Your divorce petition has been filed, and immediately, you feel as though a heavy load has been lifted from your shoulders. Finally, you can bid adieu to your spouse and get on with your life.

But not so fast.

As you navigate the divorce process — an experience that 40-50% of married couples in the United States have — you’ll have to deal with the issue of property division.

Unfortunately, property distribution is a divorce matter that often causes conflict no matter what a couple’s net worth is. Fortunately, the more you understand this complex process early on, the more effectively you can protect your rights as you proceed through it.

Here’s a rundown on what you need to know about divorce and splitting assets where you live.

Let’s jump in!

Community Property

If you live in one of the following states, your asset distribution process will be governed by the community property principle:

  • Wisconsin
  • New Mexico
  • Nevada
  • Idaho
  • Washington
  • Texas
  • California
  • Arizona
  • Louisiana

In these states, any property that you and your spouse managed to accumulate during your marriage is considered to be community property. That means all of this property must be split 50/50 during your divorce.

This property may include real estate, retirement earnings, and income, for example.

Meanwhile, any separate property — property that you both acquired before getting married — does not have to be divided. This property may include, for example, an inheritance or a personal injury award.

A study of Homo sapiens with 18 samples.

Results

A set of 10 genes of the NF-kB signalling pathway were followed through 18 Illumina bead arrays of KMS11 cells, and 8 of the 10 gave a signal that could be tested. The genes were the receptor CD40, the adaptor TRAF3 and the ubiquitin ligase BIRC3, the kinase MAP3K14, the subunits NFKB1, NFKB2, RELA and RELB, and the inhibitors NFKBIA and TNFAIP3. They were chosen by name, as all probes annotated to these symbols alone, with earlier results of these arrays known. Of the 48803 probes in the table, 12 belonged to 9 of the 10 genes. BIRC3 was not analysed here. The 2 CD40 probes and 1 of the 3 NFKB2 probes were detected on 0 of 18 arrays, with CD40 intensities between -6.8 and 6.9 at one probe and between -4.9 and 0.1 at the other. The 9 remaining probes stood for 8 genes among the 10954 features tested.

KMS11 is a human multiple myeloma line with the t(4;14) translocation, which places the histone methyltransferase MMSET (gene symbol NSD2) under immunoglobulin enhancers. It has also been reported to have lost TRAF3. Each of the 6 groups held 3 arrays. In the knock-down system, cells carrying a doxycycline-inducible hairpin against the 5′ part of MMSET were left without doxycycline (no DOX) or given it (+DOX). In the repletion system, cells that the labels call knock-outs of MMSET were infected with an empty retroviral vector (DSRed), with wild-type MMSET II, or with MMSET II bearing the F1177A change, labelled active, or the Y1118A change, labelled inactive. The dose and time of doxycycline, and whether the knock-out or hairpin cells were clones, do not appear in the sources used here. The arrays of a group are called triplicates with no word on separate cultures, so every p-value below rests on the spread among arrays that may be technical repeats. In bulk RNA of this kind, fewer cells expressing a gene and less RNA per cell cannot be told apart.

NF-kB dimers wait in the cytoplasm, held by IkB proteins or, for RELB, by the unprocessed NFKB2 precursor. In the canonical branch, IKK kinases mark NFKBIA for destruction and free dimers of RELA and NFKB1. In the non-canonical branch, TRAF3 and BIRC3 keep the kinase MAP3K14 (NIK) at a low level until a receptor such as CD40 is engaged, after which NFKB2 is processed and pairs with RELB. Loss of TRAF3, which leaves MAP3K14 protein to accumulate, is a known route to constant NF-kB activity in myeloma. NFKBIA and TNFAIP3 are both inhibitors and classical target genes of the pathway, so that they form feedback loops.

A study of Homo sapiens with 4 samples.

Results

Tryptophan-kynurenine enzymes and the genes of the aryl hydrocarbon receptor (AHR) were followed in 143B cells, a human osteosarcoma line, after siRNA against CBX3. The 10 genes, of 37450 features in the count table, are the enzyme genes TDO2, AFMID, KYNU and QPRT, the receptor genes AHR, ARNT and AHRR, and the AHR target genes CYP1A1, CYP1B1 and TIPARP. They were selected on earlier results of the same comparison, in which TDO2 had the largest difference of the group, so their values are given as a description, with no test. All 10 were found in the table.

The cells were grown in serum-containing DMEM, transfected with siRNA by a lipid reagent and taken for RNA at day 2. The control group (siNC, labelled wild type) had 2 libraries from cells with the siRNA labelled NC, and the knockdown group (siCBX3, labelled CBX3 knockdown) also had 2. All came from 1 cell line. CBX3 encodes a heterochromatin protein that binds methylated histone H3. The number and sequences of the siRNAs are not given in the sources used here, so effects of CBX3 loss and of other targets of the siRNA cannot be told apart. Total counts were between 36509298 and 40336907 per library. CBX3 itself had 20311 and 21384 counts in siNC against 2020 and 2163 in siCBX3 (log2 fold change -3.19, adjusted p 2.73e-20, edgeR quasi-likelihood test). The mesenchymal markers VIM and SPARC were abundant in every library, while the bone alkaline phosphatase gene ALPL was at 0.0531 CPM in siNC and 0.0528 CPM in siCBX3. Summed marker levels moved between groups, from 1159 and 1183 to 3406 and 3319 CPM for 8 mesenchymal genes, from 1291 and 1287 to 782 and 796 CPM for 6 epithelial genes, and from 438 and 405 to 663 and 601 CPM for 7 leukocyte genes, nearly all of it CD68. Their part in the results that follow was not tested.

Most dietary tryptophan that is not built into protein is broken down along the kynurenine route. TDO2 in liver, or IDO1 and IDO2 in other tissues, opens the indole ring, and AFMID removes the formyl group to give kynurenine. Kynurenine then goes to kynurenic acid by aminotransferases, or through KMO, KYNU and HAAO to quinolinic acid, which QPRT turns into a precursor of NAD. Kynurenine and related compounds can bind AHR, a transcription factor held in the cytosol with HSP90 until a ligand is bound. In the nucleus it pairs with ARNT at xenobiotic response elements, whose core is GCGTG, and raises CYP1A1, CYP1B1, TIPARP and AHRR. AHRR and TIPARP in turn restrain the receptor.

Equitable Distribution

If you don’t live in the abovementioned states, you’re a part of the majority of American couples who must follow the equitable distribution principle during the divorce process.

With equitable distribution, any property that you and your spouse amassed while married will be split based on a variety of factors. These factors may include the following, for example:

  • Both parties’ monetary contributions to the marital union
  • Both parties’ non-monetary contributions to the marital union
  • How long your marriage lasted
  • Your and your spouse’s overall health
  • Both parties’ educational levels
  • Each person’s earning capacity following the divorce
  • How asset distribution will affect both parties’ tax liabilities
  • Your standard of living during the marriage

Note that with equitable division, your marital assets may not necessarily be split down the middle. Instead, you may end up receiving 60% of the assets, whereas your spouse will receive 40% of the assets.

A judge will ultimately determine the fairest, or “equitable,” way of splitting your shared assets based on the many factors listed above.

However, divorce lawyers can help you to fight for the maximum amount of assets to which you are entitled considering your unique circumstances.

How We Can Help with Divorce and Splitting Assets

In addition to highlighting how divorce and splitting assets work, we make it easy for you to find the right lawyer for your divorce case.

On our site, you can search through our directory of hundreds of law firms to pinpoint the one who best meets your needs.

Get in touch with us today to learn more about how we can simplify your attorney search and thus approach your divorce proceeding with confidence.